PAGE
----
London Office

Senior property figures have slammed Treasury policies and attitudes to U.K. real estate. 

Remarks at Bisnow London's Big Office Bash indicate mounting frustration with the government’s fiscal approach to property. CRE critics say policy missteps include interventions in London's luxury housing market, and mixed messages on private rent sector residential development.

Andrew Miles (Realla), James Friedenthal (Workspace), Howard Freedman (RSM), John Burns (Derwent London) and Gerald Kaye (Helical Bar) discussing office investment at Bisnow London's Big Office Bash 27 September 2017

“The government likes taxing real estate, but additional taxes on property are very dangerous,” Helical Bar Chief Executive Gerald Kaye warned. “It will kill it, potentially.” 

He said too much taxation can stop development. The top end tax is already slowing down the residential market.

The problem is that government treats property as a cash cow, said Realla founder Andrew Miles, who moderated the Bisnow discussion 27 September at the Royal Institution.

RSM head of real estate and construction Howard Freedman said, “I think real estate clients feel like they have been under attack from the Treasury for the last couple of years, beginning with the rule changes for overseas investors in residential property.”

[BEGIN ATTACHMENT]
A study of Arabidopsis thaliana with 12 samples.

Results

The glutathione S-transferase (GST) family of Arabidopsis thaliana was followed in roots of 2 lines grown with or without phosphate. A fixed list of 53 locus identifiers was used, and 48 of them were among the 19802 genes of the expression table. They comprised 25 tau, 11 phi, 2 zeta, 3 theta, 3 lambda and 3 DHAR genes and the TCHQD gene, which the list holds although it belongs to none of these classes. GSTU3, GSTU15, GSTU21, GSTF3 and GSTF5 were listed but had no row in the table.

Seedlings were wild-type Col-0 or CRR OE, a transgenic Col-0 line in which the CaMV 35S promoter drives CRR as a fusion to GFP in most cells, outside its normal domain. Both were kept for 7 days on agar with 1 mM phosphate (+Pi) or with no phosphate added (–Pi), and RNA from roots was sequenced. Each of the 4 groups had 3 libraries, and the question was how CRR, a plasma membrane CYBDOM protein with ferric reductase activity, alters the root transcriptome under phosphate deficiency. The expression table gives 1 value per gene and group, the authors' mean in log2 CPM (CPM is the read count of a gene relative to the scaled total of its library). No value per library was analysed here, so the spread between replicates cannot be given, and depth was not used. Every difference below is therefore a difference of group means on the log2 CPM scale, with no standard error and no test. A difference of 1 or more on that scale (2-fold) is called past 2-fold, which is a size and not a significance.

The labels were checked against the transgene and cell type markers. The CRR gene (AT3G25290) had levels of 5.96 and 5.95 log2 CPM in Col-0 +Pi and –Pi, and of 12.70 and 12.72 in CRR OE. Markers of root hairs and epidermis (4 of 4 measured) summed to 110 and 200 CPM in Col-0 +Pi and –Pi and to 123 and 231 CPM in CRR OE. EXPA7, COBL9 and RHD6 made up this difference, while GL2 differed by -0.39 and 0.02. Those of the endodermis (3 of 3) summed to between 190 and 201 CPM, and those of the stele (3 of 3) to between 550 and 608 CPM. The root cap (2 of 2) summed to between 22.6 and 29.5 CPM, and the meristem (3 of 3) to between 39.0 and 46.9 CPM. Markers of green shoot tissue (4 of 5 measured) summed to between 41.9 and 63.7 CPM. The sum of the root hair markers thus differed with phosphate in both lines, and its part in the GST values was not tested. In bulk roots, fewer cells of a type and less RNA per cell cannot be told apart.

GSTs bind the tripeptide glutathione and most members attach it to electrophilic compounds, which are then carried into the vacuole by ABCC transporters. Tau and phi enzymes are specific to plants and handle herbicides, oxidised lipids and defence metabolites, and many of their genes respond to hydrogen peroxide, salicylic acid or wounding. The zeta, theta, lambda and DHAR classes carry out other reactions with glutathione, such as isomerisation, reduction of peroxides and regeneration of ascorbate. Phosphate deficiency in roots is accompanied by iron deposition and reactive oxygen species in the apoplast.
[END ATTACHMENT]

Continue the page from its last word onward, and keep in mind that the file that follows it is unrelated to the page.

Freedman said further Treasury-inspired changes were still bedding in. “I don’t think anyone understands what the full impact of that will be. Overall I don’t think the government is helping make this a positive place, but it hasn’t put a dampener on the market.”

The criticism comes as the governing Conservative Party assembles this week in Manchester for its annual conference — and just weeks ahead of Chancellor Philip Hammond’s 22 November budget.

Jeremy Corbyn, leader of the U.K. Labour Party

The Bisnow audience also heard criticism for Labour opposition leader Jeremy Corbyn — whose party conference was last week — and hints of a disagreement over Brexit.

“Corbyn is rather scary but London is still a pretty safe haven,” Derwent London CEO John Burns said. “Since Brexit we’ve lost no deals, although you can’t go pushing occupiers, and incentives have come out by a couple of months. Maybe the market is having a holiday until Brexit begins, but a year ago we had 12 enquiries for 100K SF or more in our areas, and today they have been replaced by 12 more.”

Kaye agreed London is still appealing globally.

“Let’s not have any negativity about Brexit,” he said. “We talk to investors from the Far East who have been to Paris. They find the market there completely impenetrable, and completely opaque — which is why they like being in London.”

Workspace head of corporate development James Friedenthal also had not noticed any serious disturbance in the office market, despite political headwinds.

“There’s huge amount of nervousness but we’re seeing zero change to our portfolio as a result, enquiries have been strong and people still have a will to grow their business,” he said.